The land was inhabited by the Lenni Lenape or Delaware Indian centuries before the Europeans arrived. The Indians' town sites were located along the waterways at major communication and trade junctions, with paths laid out between villages and tribes. These much traveled footpaths through the woods became the first roads.
It is believed that the early English Quaker settlers like the Brintons and the Gilpins used caves as their first shelters. According to local tradition, both families were befriended by the Lenni Lenape Indians. Another early name in the Township's histories Chadsey (later shortened to Chads). The family's name became associated with the fording place on the Brandywine and has been a place name since the 1700s.
Ye Great Road to Nottingham, now Baltimore Pike/U.S. Route 1, was one of the five main routes of east-west travel from Philadelphia in the early 18th century and was laid out from Baltimore to Chester in 1707. There was, however, only a ferry across the Brandywine. It began operation in the 1730s and was officially sanctioned in 1736. It continued in operation until about 1827 when work on the first bridge was begun.
Historically, one major but brief event, the Battle of Brandywine, affected the development of the Township and the course of the American Revolution. The Battle took place September 11, 1777. Although a defeat for Washington and his struggling American troops, it marked a turning point in the War. The grand strategy designed by the British General, Lord Howe, to weaken the patriot cause had failed. It was not a coincidence that there was battle action near Chads' Ford, for it was at the fording places in the Brandywine that the troops of both camps could cross en route to Philadelphia to take it or defend it. During the Battle, many local farmhouses were taken over by the English and American troops; in the aftermath, many of them were plundered.
In 1789, Delaware County was carved out of Chester County, and the Township known as Birmingham was divided, its northern border following along farm lines.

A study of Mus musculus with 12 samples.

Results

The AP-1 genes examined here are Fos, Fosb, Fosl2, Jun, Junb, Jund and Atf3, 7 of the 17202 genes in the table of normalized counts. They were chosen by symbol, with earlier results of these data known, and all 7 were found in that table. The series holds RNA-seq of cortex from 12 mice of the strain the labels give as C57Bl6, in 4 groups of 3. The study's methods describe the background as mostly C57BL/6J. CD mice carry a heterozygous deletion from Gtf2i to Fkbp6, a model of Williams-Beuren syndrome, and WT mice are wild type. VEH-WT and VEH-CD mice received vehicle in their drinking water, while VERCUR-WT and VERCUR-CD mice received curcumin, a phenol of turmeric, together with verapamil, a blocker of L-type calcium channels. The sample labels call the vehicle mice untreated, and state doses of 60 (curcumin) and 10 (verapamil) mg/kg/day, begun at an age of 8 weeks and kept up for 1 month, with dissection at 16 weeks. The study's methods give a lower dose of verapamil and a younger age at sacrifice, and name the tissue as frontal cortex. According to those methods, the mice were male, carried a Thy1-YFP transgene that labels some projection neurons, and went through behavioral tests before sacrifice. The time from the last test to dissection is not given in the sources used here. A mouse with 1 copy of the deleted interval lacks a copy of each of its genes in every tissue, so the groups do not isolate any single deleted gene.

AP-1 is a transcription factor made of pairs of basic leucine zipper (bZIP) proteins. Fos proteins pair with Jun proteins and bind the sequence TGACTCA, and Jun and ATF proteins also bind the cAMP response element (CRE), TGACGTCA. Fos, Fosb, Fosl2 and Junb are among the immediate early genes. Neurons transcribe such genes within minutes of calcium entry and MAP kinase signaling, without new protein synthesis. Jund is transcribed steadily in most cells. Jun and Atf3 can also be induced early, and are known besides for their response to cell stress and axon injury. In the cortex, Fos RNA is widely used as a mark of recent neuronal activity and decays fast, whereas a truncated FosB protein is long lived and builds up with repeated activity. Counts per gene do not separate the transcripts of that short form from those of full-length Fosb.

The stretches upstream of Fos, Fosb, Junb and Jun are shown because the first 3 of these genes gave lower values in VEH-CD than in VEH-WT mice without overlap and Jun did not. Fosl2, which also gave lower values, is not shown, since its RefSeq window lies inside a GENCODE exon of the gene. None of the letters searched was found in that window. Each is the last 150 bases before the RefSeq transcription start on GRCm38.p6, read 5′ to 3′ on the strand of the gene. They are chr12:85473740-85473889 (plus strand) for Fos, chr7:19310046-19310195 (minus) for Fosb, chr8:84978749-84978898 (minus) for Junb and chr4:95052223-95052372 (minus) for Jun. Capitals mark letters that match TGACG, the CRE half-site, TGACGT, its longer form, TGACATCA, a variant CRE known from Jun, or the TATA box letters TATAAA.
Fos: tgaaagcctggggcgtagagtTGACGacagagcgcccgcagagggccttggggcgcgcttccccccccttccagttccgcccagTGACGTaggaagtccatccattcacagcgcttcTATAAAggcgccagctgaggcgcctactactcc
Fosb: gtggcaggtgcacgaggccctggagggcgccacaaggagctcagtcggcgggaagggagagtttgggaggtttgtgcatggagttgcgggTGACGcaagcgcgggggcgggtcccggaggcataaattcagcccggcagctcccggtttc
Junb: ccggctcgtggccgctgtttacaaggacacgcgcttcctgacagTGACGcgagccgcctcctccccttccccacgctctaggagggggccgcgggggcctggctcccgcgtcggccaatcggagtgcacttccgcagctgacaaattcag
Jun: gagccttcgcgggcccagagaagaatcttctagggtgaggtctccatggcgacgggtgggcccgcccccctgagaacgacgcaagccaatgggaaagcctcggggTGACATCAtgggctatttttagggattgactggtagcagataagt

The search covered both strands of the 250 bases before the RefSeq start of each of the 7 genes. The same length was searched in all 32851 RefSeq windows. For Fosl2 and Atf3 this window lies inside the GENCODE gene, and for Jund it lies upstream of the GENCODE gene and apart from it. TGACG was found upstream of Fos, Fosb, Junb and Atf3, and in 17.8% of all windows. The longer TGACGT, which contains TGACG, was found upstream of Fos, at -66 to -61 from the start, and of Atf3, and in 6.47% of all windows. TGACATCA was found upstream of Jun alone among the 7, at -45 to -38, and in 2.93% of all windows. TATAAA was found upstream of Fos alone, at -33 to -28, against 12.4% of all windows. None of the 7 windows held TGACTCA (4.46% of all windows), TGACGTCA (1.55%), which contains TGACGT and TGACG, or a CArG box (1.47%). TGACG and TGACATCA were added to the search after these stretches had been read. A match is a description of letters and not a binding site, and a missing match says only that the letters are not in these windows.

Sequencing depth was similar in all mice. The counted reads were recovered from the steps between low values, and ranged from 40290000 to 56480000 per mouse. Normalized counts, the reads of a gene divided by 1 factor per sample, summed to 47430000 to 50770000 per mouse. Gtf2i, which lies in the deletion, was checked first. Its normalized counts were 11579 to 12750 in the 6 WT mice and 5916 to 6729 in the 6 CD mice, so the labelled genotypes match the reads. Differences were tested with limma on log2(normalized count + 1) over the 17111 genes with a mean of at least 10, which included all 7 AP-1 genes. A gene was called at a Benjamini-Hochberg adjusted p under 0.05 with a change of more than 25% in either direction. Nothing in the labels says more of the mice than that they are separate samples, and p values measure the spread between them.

The harnessing of water power for use in mill operations was a major factor in the growth of the area during the 1800s. The mills not only manufactured goods, such as gun powder and paper, they also processed the grains and timber grown in the area.
The establishment of a railroad line through Chadds Ford in 1858 also played a significant role in the economic growth of the Township. Railroad spurs were laid out to accommodate the kaolin companies where the fine white potter's clay was mined at the turn of the century. The railroad also contributed to the gentrification of Chadds Ford, enabling the city people from Wilmington and Philadelphia to discover the lush rolling hills of the Brandywine Valley. To have a summer house in Chadds Ford became the vogue.
It was about this time that Howard Pyle began his summer art school, which attracted students from all over the country. One of them, young N.C. Wyeth from Massachusetts, came to study under Pyle and never left. From Pyle's studio and its students, the world famous Brandywine School of Art developed, fostered now by succeeding generations of Wyeths, Andrew and his son, Jamie.
According to the U.S. Census Bureau, the twentieth century has seen the Township grow from 733 people in a semi-rural setting to a burgeoning bedroom community of 3,118 in 1990. The Delaware Valley Planning Commission's population forecast suggests that by 2025, Chadds Ford Township will have 5,200 residents -- an increase of 66.8% from the 1990 census count.